A U.S. Marine sergeant works on a computer in Virginia Beach, Virginia, February 2012.
Samantha Sais / Courtesy Reuters

In August 2012, hackers attacked the networks of Saudi Aramco, destroying data on some 30,000 of the company’s computers. Then in November, Chevron revealed that it had been infected by Stuxnet, the malware the United States and Israel had allegedly designed to slow Iran’s nuclear program. Some U.S. policymakers and analysts have suggested that the attacks originated in Iran as retribution for the sabotage campaign. Those who claimed responsibility said that they are a hacking collective, with no ties to Iran, angry about an anti-Islam film posted on YouTube. The United States’ options for dealing with the breach differ depending on whether the attack on Saudi Aramco was the work of political hackers or state-directed and part of an escalating cyberconflict. Crafting such policy will not be possible without conceptual clarity, and the works below strive to define actors and interests, means and methods in cybersecurity.

The Cuckoo's Egg: Tracking a Spy Through the Maze of Computer Espionage. By Cliff Stoll. Doubleday, 1989.

"Cyberwar Is Coming!" By John Arquilla and David Ronfeldt. Comparative Strategy, Vol. 12, No. 2, Spring 1993, pp. 141-165.

In this article, Arquilla and Ronfeldt do much to shift focus away from just technology to the social implications of the information technology revolution. They were among the first to point out what is now common wisdom: that communication technologies erode hierarchies, collapse time and distance, and empower networks. They also make the point, expanded on in later works such as In Athena's Camp (1997) and Networks and Netwars (2001), that cyberattacks are about the control, distribution, and safety of information -- "a strategic resource that may prove as valuable and influential in the post-industrial era as capital and labor have been in the industrial age." 

Information Warfare and Security. By Dorothy Denning. AddisonWesley Professional, 1998.

"World War 3.0." By Michael Joseph Gross. Vanity Fair, May 2012.

It is now a rather stale insight that cybersecurity involves tradeoffs; many understand that one easy way to improve security is to reduce the anonymity and free access that make the Internet so innovative. The idea of the hoodie-wearing teenage hacker sitting in his parent's basement has also long passed into cliché. In his essay for Vanity Fair, however, Gross manages to bring these ideas, and the battle for control over the Internet, to life. His stories center on Vint Cerf, Jeff Moss, Joshua Corman, and Dan Kaminsky -- all part of what he calls the "forces of Organized Chaos" -- who work to manage the balance between privacy and stability, to "ensure integrity of the Internet itself as a reliable, independent, and open structure."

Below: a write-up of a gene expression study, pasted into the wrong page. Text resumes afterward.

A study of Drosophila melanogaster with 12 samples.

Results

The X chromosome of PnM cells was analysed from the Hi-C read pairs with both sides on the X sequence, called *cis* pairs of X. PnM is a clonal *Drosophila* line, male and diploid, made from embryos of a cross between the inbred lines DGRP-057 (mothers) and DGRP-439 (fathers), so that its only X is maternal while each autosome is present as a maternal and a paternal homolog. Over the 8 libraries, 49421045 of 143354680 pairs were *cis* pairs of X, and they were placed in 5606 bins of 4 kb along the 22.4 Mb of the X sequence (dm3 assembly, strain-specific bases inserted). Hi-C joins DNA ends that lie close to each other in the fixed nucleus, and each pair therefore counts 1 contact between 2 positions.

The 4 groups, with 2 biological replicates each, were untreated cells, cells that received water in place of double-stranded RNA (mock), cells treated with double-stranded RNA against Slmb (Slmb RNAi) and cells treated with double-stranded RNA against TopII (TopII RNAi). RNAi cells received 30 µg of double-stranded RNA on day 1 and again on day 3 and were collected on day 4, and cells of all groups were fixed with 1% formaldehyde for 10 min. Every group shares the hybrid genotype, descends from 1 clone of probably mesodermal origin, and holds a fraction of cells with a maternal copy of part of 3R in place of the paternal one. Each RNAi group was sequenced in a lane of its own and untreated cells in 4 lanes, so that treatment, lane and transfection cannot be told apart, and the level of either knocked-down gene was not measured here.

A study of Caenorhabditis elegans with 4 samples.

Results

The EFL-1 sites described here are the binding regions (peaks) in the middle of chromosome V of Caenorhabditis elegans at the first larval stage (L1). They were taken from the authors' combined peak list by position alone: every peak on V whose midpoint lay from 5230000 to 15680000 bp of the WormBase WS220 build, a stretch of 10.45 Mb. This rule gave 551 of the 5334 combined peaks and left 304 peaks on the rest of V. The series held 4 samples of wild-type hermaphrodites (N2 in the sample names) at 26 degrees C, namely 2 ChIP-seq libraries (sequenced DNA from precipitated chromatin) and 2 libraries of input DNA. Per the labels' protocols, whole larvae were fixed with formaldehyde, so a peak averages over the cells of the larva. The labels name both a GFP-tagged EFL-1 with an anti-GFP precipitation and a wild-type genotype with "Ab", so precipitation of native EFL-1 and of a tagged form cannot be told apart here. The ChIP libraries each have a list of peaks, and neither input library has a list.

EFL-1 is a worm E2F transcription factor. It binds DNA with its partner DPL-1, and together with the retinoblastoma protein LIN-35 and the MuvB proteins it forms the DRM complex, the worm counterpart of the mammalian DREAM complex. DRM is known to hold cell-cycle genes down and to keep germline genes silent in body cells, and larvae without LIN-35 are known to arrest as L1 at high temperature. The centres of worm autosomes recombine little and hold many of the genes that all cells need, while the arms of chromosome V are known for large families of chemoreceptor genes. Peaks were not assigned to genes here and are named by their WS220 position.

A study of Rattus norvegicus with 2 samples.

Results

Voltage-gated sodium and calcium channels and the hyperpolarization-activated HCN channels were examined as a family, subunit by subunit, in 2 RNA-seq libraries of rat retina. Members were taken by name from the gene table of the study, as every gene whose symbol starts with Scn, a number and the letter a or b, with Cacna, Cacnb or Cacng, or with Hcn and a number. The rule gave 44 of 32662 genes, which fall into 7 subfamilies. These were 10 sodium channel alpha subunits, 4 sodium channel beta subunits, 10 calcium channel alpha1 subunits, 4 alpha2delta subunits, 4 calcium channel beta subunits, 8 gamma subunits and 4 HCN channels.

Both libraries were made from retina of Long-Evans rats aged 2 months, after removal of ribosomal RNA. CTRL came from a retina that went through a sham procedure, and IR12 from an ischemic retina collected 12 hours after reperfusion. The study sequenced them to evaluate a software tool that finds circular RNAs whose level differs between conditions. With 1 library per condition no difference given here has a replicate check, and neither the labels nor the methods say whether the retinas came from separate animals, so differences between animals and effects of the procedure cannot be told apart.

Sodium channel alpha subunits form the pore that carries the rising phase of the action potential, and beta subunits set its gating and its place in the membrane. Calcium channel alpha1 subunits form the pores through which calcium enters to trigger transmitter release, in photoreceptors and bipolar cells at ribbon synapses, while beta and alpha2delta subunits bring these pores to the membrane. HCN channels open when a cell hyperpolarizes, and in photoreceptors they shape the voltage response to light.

Strategic Warfare in Cyberspace. By Greg Rattray. MIT press, 2001. 

Cyberpower and National Security. Edited by Franklin Kramer, Stuart Starr, and Larry Wentz. Potomac Books, 2009.

"Arms Control in Cyberspace: Challenges and Opportunities." By Herbert Lin. World Politics Review, March 6, 2012.

No state will be able to address the cybersecurity threat alone. But the barriers to any international agreement, especially something resembling traditional arms control, are high. Verification is extremely difficult because of the attribution problem. It can be almost impossible to determine the source of an attack. Signatories to an agreement could relatively easily mask attacks, undermining trust in any accord. Moreover, the technologies used in most attacks are widely available and easy to conceal: laptop computers, Internet connections, and programming tools. Lin is clear-eyed about all of these obstacles, but nevertheless explores how greater transparency and confidence-building measures could reduce the likelihood and cost of cyberconflict. He ends on a note of relative optimism: we should "not foreclose the possibility that new technologies -- or new ideas! -- will emerge as enablers for as-yet-unimagined possibilities for arms control in cyberspace."

  • ADAM SEGAL is Ira A. Lipman Senior Fellow for Counterterrorism and National Security Studies at the Council on Foreign Relations.